October 29, 2020


Following is a transcription of the video.

Pete Souza: My attitude is, if you’re documenting for history, you wanna be there all the time, ’cause you don’t wanna miss anything. And you can’t always predict when history is gonna take place.

Narrator: That’s Pete Souza, former White House photographer to Presidents Ronald Reagan and Barack Obama.

Pete: I think it’s important for history. I think it’s important to have these moments behind the scenes, where you get a real good sense of not only what he was like as a president, but what he was like as a human being.

Narrator: Pete was behind the camera for iconic Obama-era moments like this and this.

Pete: The photographs can show emotion and context and mood in a way that words can’t. The still image is something that is just seared in your brain.

Narrator: After documenting the lives of two sitting presidents, Pete Souza knows better than most what it takes to be a White House photographer.

Pete: I started out working for newspapers in Kansas and Chicago. In 1983, the White House photo editor at the time reached out to me about a position at the White House. So that’s what led to the job at the Reagan White House.

Narrator: After photographing the Reagan administration, Pete worked for National Geographic and as the national photographer for the Chicago Tribune. In 2004, when Barack Obama was elected senator of Illinois, Pete took an assignment to follow and photograph the up-and-coming senator.

Pete: That led to some, you know, real good access with Sen. Obama. I ended up going to five different countries with him. So I got to know him pretty well professionally. And so when he was elected to the presidency, he asked me to become his chief photographer. I don’t think my political views play into it at all. I mean, look, I worked for a Republican and Democrat. This job is about documenting the presidency for history. All this other stuff just doesn’t really matter.

Narrator: Pete photographed Reagan and Obama during all eight years of both administrations.

Pete: Well, I think that was the most difficult part of the job for me. It was just, it was physically and mentally exhausting, to essentially put your personal life on hold for eight years.

Narrator: Just as he did with Reagan, Pete often followed Obama seven days a week.

Pete: Well, I mean, I was with him, like, every day.

Narrator: It was because Pete didn’t leave Obama’s side that he was able to capture this historic moment.

Pete: This is during the bin Laden raid. They’re monitoring it as it happens. So we were all jammed into this room for 40 minutes. You’ve got the most powerful people of the executive branch, and they’re essentially helpless. And I think you can feel the tension in that room just by looking at their faces. As the meeting’s breaking up at night, they know they have bin Laden, and it was just, like, such a subtle reaction to a momentous event in many ways. I don’t know that I knew how widely circulated this photograph would become, but I certainly knew this would be a historic day. I think without the trust, you can’t get the access. It’s as simple as that. I think he did trust me. I think the people around him trusted me. And I think if not for that, there’s no way I would have had the access to some of the things that I did.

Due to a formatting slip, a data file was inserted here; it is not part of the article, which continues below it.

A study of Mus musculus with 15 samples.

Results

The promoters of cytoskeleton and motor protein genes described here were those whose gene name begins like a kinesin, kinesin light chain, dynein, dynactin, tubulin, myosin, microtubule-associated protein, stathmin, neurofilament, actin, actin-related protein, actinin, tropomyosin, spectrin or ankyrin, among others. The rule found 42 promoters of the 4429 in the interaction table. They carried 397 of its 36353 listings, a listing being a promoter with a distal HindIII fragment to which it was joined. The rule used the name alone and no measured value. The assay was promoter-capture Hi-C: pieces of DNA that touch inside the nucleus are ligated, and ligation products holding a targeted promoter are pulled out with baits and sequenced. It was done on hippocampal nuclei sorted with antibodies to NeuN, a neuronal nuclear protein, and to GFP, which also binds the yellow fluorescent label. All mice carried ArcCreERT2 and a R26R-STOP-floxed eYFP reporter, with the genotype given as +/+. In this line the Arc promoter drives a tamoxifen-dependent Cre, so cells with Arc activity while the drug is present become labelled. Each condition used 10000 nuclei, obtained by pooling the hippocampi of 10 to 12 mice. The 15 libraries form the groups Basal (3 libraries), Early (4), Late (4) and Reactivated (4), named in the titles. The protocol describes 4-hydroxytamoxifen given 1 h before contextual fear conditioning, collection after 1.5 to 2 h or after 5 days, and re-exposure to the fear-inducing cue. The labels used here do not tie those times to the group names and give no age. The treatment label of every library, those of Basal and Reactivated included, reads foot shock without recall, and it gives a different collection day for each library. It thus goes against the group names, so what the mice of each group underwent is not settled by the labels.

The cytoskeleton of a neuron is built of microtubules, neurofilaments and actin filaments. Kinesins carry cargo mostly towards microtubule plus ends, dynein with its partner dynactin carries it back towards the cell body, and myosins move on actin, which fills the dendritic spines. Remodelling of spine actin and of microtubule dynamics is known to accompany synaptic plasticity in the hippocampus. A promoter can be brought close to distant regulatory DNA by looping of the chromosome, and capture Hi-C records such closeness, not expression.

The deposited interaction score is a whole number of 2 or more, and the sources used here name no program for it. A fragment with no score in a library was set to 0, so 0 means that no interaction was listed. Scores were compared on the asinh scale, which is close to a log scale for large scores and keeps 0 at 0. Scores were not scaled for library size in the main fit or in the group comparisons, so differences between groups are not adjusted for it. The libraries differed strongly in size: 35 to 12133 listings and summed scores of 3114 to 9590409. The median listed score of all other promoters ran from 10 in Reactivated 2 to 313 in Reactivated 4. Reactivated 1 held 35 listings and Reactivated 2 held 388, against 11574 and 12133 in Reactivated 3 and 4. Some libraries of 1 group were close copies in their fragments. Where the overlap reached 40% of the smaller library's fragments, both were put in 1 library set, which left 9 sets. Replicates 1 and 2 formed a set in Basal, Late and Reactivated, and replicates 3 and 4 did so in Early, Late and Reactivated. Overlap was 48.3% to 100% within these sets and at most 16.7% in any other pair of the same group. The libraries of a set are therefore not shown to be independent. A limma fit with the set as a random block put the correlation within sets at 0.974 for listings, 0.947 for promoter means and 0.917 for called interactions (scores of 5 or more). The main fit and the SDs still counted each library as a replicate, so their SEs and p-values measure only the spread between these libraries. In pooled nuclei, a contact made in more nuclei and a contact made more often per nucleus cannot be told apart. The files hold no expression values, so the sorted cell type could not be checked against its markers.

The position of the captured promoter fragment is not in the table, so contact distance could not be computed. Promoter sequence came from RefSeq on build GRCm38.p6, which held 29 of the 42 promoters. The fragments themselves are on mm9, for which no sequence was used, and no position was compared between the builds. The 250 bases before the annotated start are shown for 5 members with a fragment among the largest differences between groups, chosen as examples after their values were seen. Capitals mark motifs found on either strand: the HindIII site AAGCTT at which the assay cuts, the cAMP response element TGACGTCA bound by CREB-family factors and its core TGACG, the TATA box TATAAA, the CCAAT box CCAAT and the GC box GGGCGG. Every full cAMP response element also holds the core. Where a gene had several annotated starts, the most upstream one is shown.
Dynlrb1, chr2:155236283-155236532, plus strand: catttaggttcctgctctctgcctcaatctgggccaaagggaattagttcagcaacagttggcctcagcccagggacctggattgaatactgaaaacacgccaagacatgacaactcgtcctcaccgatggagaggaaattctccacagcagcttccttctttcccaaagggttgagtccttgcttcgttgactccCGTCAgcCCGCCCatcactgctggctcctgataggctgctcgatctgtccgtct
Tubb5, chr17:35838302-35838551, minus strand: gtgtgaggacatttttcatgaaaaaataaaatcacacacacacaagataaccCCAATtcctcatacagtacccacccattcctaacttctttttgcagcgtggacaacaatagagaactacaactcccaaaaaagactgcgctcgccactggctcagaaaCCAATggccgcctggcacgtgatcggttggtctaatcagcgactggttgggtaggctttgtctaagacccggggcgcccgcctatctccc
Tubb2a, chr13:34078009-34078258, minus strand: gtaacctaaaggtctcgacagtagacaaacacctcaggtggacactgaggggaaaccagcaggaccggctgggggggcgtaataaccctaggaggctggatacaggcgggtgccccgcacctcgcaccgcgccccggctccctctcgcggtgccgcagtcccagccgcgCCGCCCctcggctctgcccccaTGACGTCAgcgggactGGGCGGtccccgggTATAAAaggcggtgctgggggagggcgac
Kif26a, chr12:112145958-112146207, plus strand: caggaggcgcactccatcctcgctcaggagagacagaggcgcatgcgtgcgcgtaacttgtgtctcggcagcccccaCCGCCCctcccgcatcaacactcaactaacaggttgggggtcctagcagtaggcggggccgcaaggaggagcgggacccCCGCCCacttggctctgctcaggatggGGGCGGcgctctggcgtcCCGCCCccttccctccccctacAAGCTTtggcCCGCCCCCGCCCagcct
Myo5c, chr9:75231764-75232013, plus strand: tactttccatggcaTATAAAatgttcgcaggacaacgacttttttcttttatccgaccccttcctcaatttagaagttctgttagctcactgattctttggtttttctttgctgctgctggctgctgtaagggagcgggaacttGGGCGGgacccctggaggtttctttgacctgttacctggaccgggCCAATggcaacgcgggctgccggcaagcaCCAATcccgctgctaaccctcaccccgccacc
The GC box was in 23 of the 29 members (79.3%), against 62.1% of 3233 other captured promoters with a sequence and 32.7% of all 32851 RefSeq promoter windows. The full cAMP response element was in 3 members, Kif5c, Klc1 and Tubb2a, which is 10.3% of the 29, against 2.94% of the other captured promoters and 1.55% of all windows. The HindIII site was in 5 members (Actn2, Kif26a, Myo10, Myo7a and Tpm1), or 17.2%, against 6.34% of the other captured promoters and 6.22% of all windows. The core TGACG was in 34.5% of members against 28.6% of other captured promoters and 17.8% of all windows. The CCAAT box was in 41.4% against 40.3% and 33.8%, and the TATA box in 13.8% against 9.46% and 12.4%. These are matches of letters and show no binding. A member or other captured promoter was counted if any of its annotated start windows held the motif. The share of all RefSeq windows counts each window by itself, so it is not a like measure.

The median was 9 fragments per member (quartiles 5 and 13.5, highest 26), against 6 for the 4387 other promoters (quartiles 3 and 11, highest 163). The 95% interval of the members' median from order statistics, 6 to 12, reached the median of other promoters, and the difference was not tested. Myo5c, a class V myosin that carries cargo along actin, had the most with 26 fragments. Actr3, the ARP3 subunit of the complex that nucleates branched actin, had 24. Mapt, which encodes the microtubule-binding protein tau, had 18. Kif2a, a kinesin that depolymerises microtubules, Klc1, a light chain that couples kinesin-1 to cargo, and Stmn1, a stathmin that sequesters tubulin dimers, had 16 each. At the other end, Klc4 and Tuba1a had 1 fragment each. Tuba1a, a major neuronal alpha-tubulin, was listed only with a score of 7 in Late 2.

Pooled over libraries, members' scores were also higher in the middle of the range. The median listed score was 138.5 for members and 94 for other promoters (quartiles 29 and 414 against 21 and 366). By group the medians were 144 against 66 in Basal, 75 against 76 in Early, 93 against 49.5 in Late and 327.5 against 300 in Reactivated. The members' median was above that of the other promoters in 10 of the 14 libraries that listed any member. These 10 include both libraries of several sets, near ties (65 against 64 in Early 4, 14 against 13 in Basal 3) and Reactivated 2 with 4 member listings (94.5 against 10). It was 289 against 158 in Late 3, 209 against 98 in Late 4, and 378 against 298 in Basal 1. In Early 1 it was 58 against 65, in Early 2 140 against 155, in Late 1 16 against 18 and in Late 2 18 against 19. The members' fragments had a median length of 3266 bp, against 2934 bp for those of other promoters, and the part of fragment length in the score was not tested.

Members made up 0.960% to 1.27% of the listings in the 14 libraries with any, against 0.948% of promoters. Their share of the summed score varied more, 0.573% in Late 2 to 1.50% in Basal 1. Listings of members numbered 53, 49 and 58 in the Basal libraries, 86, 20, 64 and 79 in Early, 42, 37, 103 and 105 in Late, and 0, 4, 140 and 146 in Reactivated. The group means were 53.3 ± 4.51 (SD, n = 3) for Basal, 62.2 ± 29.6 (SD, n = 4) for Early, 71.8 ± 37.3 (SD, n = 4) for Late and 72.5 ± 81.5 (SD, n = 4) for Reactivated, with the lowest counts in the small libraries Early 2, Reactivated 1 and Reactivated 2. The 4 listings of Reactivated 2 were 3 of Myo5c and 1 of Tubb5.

Narrator: Pete’s intimate access allowed him to capture some of the most poignant moments of the administration.

Pete: The most difficult times to photograph him were when he was consoling families that had been affected by some tragedy. And oftentimes the emotions were so raw.

Narrator: Pete says neither he nor the president ever got used to facing such tragedies.

Pete: When I would get to the photographs from Newtown, I would break down, ’cause it’s still emotional thinking about that day and thinking about the circumstances of that day.

Narrator: But not all the moments he captured were tough ones.

Pete: I think the picture resonates for a couple reasons. One, you got, you know, a 5- or 6-year-old African American kid touching the head of the president of the United States that looks like him. But at the same time, I think it tells you something about Barack Obama, that at the behest of this young kid, you’d go ahead and bend over and let the kid touch your head like that. I don’t think that would happen today. You know, one thing that I don’t know that the photographs showed necessarily was his sense of humor and his competitiveness. Although I think I actually do a pretty good job in showing those.

Narrator: Here’s a photo where Pete did catch his competitive spirit.

Pete: Reggie Love, who was 20 years younger than him, was four inches taller than him, captain of the Duke University basketball team. And here’s Barack Obama, who didn’t even start for his high-school basketball team. When they finished the game, President Obama starts walking towards me, sweat’s dripping down his face, and he just comes up to me. He goes, “Did you get that block?” [laughs] ‘Cause he was so proud of the fact that he had blocked Reggie. You know, look, I’m not the best photographer in the world. I’ll be the first to admit that. But I do think that I was the right photographer to be the chief photographer for Barack Obama. It’s one of those jobs that it’s not like you apply for the job. They come looking for you. It’s a hard job to aspire to do. Just so much of it involves luck. I do tell photographers around the country, photograph your mayor, your governor, because you never know if they, maybe they’ll end up becoming a national politician someday. 50, 100 years from now, people will be able to go through all of my photographs and get a real sense of what it was like to be in this moment. What he was like as a person, you know, as seen through my eyes and my photographs. And I think that’s the most lasting impact.